In my late fifties now, I am a recently retired federal manager. Husband, father, life long athlete, amateur underwater photographer and adventurer. I grew up doing things with my hands. I am fortunate to have a father raised on an Indiana farm, he passed along his extensive skills in machinery, carpentry, and a "Can do" attitude. I was performing brake jobs on the family sedan in 5th grade, laying block walls at age 12, and disassembling, studying, and restoring anything I could get my hand on.
I make no claim to being a wood worker. It is a skill I am working to develop. Carpenter, maybe. But I stumbled into the world of antique cast iron hand planes by accident, you can read about this journey in my blog. My jack-of-all trades background has found expression through restoring antique cast iron hand planes into useful tools and works of art. I refurbish vintage hand planes as a passion. I enjoy taking an 80+ year old rusty doorstop and restoring it to better than new condition, then seeing it put back in the hands of a woodworking enthusiast. I have the time and means to flatten, finish, hone, and polish these planes to a level that far exceeds what the manufacturers could ever achieve.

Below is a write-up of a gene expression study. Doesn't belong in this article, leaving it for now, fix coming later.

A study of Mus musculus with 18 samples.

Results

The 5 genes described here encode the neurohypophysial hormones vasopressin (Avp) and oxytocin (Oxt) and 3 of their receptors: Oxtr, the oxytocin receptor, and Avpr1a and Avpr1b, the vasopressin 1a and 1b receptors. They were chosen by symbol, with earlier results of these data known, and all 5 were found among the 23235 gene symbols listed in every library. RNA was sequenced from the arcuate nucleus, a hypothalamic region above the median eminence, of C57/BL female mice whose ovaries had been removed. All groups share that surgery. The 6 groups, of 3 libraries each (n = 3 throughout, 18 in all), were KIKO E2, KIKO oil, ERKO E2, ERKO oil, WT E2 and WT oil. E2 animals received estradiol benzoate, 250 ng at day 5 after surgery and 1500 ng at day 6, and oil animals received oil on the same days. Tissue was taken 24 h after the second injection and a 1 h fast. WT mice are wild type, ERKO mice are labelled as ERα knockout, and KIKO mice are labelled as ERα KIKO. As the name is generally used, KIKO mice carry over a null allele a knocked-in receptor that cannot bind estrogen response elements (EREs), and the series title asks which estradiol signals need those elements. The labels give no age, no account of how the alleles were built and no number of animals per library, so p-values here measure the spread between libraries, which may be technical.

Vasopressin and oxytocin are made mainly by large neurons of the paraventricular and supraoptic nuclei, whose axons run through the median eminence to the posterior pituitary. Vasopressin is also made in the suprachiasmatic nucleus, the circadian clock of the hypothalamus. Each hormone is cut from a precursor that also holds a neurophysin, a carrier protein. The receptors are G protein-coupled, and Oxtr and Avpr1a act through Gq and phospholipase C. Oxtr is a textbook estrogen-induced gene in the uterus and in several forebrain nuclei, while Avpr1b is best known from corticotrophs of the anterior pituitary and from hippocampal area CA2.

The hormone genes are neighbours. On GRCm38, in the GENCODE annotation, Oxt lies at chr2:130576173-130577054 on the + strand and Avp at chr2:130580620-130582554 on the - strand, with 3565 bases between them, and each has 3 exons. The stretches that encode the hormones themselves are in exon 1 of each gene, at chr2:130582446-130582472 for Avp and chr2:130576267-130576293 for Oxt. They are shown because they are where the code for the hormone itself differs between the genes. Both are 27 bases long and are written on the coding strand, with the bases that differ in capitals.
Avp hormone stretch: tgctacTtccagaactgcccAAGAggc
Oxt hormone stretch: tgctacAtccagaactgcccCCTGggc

You can occasionally find some of my restored planes for sale on eBay, and will see some offered on this site in the future.
Additionally, I am busy researching, studying, categorizing, and writing about Fulton cast iron hand planes, Merit hand planes, Craftsman hand planes, and Dunlap hand planes. These unique, in-house brands sold through the original catalog giant, Sears, Roebuck & Co. beginning in 1904, cut a path through defining times in American retail. In the world of antique hand planes, much is speculated about these planes, but little is actually known. It is my goal to fill in the gaps with facts and define their place in the fascinating history of American made hand tools.